When it comes time to buy a car we all need to set a car-buying budget to some degree. Which includes evaluating all the costs of the purchase including insurance, trade value and affordable monthly payments. Coming up with a budget figure before you find a car that you want at the dealership and deciding if the monthly payment sounds workable can be dangerous. The car salesman loves the buyer that sets their car-buying budget on the fly at the dealership because they know that there is a much better chance of making a larger profit and commission by getting the bump. Car sales people are trained to get you to raise your monthly payment limit.
Every single day car buyers are regretting their decision to purchase a car for various reasons, but the most common reason is the monthly payment. The reason for this is that they usually failed to set a car-buying budget before visiting the car dealership. They may have had an idea of their affordable monthly payment budget, but they failed to do the research and calculations that are required to make an intelligent decision when buying a car.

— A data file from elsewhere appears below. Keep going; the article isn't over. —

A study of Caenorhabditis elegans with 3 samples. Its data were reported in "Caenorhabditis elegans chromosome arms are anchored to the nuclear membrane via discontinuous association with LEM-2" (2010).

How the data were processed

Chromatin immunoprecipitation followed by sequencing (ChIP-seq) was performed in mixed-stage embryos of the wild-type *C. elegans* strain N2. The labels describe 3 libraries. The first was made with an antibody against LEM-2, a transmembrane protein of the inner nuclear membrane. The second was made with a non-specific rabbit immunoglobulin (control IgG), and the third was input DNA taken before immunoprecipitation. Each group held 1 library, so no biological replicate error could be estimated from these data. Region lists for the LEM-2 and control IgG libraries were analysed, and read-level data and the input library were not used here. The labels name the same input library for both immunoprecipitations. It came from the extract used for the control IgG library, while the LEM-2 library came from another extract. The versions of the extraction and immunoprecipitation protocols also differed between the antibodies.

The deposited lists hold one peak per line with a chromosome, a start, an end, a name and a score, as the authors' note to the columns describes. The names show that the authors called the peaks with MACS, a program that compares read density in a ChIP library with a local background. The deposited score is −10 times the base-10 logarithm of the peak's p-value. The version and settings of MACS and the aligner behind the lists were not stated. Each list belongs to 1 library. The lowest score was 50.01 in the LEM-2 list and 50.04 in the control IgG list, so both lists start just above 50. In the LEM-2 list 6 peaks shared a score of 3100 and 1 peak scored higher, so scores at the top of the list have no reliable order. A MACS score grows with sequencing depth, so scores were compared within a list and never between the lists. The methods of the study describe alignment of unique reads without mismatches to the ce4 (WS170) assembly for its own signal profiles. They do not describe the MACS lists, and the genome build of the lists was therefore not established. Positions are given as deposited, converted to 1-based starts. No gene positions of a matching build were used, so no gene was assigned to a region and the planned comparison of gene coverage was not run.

It’s very easy to get caught up in the moment at the car dealership when the thought of driving home a brand new car is only a signature away. This is when emotions, feelings and desires can overrule logic and good decisions. The entire car buying process is designed to engage the emotions and senses of the car buyer because emotional decisions are much more profitable than logical decisions. Your best defense is setting a car-buying budget before you fall in love with the idea of having a new automobile.
Setting the car-buying budget is a must, but you must adhere to the decisions you have made while setting your budget. If you have taken the time to do the research and evaluate all the costs make sure you don’t make adjustments to your budget numbers at the dealership. Remember, successful car salesmen know how to make you second-guess your decisions and get you to do something you wouldn’t do normally which often leads to car buyers remorse.